There are several benefits tied to being a preferred shareholder. A preferred dividend is a fixed amount, and the yield or return is often higher than for common-stock dividends, which are decided based on profitability. Participating preferred shareholders are a specific type of preferred shareholder. A company's board of directors may decide to reward participating preferred shareholders with an additional dividend on top of the fixed amount when profits are better than expected.
Preferred shareholders also face some uncertainties. A preferred dividend is not an obligation, and the decision to distribute payments is up to a company's board. The board may decide to interrupt distributions during times of economic crisis or if profitability is at stake. A company may also resume payments when the board sees fit. Some of the largest companies in the world have paid consecutive quarterly dividends for decades.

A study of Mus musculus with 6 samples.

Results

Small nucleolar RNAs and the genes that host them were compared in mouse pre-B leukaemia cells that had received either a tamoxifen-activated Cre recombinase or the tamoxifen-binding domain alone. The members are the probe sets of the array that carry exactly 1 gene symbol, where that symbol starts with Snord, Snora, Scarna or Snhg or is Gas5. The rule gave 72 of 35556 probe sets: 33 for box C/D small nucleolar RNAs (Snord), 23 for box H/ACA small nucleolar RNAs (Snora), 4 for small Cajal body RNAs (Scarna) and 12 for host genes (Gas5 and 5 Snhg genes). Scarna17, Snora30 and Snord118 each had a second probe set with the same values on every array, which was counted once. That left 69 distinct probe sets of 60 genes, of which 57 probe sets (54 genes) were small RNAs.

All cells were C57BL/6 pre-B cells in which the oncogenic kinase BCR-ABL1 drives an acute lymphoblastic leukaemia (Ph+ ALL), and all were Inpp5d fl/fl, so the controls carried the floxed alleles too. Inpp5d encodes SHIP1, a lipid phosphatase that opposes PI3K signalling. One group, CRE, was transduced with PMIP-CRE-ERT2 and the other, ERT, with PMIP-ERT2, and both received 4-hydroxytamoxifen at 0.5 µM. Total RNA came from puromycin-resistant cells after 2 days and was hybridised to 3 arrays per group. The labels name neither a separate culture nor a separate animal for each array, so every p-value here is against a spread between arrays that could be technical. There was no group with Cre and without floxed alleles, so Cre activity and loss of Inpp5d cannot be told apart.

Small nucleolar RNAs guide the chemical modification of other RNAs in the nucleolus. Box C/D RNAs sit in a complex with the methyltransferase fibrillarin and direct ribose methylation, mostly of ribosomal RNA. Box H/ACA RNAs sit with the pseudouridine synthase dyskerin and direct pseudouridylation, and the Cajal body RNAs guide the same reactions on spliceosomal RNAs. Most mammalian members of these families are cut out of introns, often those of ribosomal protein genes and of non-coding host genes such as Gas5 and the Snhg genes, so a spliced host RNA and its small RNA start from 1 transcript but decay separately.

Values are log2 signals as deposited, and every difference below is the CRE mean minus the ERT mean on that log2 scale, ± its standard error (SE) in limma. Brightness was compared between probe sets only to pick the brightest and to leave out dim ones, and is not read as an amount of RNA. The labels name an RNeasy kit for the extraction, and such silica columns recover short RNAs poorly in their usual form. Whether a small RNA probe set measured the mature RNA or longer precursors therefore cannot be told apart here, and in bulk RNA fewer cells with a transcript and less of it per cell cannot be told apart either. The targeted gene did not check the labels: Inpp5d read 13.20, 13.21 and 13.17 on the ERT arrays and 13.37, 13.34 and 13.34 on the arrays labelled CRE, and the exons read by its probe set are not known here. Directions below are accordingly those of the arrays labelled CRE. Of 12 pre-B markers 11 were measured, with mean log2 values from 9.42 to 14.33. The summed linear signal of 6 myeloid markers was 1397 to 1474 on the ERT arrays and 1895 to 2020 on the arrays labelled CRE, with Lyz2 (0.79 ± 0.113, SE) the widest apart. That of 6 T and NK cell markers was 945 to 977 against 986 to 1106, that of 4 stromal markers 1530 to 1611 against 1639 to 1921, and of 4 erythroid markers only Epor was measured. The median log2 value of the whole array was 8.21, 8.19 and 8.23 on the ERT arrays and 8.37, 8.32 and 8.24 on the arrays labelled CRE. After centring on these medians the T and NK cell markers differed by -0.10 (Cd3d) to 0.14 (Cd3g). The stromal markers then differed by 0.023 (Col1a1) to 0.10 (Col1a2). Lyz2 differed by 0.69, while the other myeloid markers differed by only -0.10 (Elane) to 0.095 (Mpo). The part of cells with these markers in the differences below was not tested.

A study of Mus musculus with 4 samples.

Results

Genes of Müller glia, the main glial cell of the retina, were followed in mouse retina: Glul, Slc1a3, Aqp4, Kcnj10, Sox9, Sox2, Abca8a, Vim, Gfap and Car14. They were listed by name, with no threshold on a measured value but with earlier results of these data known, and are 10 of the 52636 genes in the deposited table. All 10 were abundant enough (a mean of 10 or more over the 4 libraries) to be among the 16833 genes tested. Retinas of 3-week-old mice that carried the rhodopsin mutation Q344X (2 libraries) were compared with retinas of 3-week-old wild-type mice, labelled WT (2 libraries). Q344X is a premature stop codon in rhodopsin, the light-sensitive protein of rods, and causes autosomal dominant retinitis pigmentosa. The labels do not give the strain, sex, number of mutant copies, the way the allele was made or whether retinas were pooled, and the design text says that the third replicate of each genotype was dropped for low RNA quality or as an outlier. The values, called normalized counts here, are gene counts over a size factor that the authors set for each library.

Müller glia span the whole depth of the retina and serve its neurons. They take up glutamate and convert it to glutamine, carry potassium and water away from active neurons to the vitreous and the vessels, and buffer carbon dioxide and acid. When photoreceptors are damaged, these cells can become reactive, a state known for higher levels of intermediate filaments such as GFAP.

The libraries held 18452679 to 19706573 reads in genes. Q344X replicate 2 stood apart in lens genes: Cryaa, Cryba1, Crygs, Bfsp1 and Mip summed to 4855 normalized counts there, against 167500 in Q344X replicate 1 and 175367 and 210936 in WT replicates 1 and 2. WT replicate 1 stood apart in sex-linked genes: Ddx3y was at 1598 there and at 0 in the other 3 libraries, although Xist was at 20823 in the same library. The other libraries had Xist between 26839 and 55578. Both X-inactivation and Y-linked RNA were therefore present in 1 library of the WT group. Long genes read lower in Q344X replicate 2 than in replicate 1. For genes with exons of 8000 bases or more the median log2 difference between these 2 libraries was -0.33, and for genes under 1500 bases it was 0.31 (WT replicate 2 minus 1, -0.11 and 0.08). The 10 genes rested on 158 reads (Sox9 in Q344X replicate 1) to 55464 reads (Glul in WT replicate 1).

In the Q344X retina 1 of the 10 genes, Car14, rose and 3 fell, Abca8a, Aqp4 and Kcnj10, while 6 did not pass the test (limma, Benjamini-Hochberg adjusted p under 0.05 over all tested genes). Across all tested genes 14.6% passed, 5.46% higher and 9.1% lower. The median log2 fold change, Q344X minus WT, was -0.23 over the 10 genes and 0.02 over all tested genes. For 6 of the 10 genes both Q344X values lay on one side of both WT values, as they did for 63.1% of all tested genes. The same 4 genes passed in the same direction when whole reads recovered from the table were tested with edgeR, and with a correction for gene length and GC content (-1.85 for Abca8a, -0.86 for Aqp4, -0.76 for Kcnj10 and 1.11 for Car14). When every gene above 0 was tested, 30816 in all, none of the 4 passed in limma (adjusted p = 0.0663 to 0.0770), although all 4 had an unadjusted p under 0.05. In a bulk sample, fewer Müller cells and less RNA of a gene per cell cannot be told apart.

A preferred dividend may also be deferred by a company. There are several benefits to this scenario, both for a company and its shareholders. For the company, it is a way to temporarily preserve cash.
Several scenarios might warrant a deferral. For instance, a company might be facing a temporary financial setback, but expects profits will recover in the near term. Economic conditions might have diminished to the point that it is only prudent to reserve cash. A company may opt to defer distributions to preferred shareholders, but remains on the hook for the cash. It may not resume any dividend payments to common shareholders until preferred dividends are paid.
While there are certain benefits reserved for preferred shareholders, including the routine dividend distributions, there are some drawbacks. Common shareholders are awarded voting rights at a company based on the number of shares held, a right that is not extended to preferred shareholders. Convertible preferred shares, another type of preferred stock, may be converted to common shares if an investor prefers. In the event of a corporate bankruptcy, both types of investors are at risk. Shareholders will receive a preferred dividend payout before any common shareholders are paid, but creditors and bondholders take priority over both.